We need to get ready for a world of a whole lot more energy. Recognizing and embracing this reality is a more practical starting point for meeting the development and environmental challenges that we face. That’s the bottom-line of Our High Energy Planet, a report by an eclectic mix of thirteen authors released today by the Breakthrough Institute and Arizona State University.
Today Bloomberg News reports that Russia's national monopoly, Gazprom, has shut down all natural gas shipments to the Ukraine as part of an escalating price war that has created an energy crisis in Europe.
Yesterday, I spoke at the 2008 U.S.-Africa Infrastructure Conference, Connecting the Continent, organized by the Corporate Council on Africa. I spoke about the infrastructure constraints faced by the private sector in Africa, particuarly the lack of a reliable supply of electricity.
Once again the G8 has come up tragically short on climate change and a host of urgent problems affecting poor people in developing countries. The good news is that they are at least discussing the right topics. The first Hokkaido G8 document, on the World Economy spills lots of ink on relations between rich and developing economies, including for example, reaffirmation of support for the Extractive Industries Transparency Initiative.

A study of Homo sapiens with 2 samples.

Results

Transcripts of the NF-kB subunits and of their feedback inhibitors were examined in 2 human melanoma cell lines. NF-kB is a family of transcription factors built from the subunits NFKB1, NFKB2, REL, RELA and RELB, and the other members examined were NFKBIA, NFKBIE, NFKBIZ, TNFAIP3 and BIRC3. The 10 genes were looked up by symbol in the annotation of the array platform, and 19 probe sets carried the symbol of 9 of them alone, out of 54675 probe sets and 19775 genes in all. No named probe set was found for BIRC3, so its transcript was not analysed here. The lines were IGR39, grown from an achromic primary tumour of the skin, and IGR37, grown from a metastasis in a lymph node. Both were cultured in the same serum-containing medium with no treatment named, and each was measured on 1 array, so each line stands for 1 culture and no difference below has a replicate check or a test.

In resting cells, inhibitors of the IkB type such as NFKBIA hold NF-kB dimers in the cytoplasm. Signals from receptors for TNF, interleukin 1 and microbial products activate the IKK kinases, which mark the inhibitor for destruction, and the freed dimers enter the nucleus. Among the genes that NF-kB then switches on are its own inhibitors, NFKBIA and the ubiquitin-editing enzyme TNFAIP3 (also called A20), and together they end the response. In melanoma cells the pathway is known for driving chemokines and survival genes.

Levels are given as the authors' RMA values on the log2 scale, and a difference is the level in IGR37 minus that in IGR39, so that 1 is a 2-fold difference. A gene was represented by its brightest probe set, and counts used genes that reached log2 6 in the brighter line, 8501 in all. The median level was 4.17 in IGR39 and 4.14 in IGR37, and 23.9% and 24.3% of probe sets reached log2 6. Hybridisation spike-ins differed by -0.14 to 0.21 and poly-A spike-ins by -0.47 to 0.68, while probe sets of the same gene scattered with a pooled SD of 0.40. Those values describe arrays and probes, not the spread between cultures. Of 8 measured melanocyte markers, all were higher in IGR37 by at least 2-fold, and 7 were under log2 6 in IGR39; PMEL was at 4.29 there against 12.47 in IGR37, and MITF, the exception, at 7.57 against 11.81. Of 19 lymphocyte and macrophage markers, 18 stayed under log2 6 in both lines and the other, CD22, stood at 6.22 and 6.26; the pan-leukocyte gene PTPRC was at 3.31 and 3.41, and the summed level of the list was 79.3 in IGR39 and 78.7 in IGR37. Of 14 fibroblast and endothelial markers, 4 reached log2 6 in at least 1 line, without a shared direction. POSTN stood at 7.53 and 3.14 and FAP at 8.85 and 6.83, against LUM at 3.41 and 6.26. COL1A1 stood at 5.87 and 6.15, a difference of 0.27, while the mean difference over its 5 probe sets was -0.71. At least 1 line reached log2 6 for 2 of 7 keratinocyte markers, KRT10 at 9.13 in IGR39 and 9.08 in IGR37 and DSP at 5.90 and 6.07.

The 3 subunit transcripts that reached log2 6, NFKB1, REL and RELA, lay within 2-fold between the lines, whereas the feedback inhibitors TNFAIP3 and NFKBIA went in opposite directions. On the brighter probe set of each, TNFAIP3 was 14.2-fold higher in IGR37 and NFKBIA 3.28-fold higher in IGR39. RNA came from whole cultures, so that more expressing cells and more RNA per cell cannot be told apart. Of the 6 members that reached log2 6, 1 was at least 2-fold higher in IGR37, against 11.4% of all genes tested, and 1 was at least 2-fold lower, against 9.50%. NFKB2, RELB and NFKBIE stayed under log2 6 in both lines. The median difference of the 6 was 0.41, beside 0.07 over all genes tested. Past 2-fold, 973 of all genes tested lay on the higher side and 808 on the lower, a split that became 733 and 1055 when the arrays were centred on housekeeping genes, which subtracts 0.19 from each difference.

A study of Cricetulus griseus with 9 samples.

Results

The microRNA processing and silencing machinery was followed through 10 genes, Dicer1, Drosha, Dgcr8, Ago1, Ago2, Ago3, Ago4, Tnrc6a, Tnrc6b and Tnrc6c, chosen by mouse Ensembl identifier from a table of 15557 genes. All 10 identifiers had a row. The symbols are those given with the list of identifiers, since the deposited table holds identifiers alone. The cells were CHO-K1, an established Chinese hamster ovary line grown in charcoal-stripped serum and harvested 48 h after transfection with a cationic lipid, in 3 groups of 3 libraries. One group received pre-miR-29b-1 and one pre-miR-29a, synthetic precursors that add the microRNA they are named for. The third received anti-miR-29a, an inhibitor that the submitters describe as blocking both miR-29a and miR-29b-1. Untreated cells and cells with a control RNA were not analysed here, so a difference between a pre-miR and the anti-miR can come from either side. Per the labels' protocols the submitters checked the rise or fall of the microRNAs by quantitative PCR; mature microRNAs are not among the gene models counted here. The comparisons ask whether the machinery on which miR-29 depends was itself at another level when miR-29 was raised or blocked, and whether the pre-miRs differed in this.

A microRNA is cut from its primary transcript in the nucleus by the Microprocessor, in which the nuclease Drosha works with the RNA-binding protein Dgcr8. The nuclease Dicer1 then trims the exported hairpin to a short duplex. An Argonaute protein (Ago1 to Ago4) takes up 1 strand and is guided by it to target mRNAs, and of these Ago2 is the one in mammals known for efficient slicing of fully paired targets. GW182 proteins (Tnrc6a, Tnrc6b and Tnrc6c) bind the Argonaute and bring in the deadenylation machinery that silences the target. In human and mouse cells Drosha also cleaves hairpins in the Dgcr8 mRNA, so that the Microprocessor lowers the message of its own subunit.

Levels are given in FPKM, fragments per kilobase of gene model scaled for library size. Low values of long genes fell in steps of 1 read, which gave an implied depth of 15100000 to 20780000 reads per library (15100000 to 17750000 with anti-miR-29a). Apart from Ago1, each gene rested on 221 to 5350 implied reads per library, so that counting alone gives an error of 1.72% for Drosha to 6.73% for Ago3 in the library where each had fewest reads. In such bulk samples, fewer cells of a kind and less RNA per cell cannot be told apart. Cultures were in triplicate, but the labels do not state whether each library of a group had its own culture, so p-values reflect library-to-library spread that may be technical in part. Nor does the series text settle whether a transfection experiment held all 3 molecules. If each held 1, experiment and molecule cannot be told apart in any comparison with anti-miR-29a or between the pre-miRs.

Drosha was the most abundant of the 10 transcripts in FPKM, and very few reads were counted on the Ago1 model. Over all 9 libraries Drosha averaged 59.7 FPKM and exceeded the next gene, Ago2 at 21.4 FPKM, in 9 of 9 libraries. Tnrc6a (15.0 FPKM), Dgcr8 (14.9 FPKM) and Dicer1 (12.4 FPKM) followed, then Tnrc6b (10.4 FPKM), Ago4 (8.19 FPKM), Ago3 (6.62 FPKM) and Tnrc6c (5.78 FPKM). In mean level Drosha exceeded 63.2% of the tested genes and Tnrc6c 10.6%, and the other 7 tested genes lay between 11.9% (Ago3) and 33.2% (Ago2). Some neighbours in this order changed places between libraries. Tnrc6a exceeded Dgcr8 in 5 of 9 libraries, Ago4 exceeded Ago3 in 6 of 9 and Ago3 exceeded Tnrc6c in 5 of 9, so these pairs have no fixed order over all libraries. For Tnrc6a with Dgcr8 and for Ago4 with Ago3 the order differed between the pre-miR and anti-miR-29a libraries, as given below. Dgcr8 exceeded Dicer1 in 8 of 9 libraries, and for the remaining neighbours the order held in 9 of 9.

In U.S. jurisprudence, the standard for conviction in a criminal proceeding is "beyond a reasonable doubt" -- at least 90% certain, in the conventional understanding. The prevailing standard in civil proceedings is the "preponderance of evidence" -- more likely true than not -- which implies greater than 50% likelihood.
Today the Intergovernmental Panel on Climate Change (IPCC) released the first part of its long-awaited Fourth Assessment Report. This is a major event, because the Report strengthens the scientific consensus about the threat from global warming if we don't curb greenhouse gas emissions.
From D.C. to Dhaka, scores of people gathered around live broadcasts of President Bush to play CGD State of the Union bingo and watch the president’s first address to a new Democratic majority in Congress. The rules are simple: listen for key policy terms in Bush’s address and be the first to mark your bingo card. The point: U.S.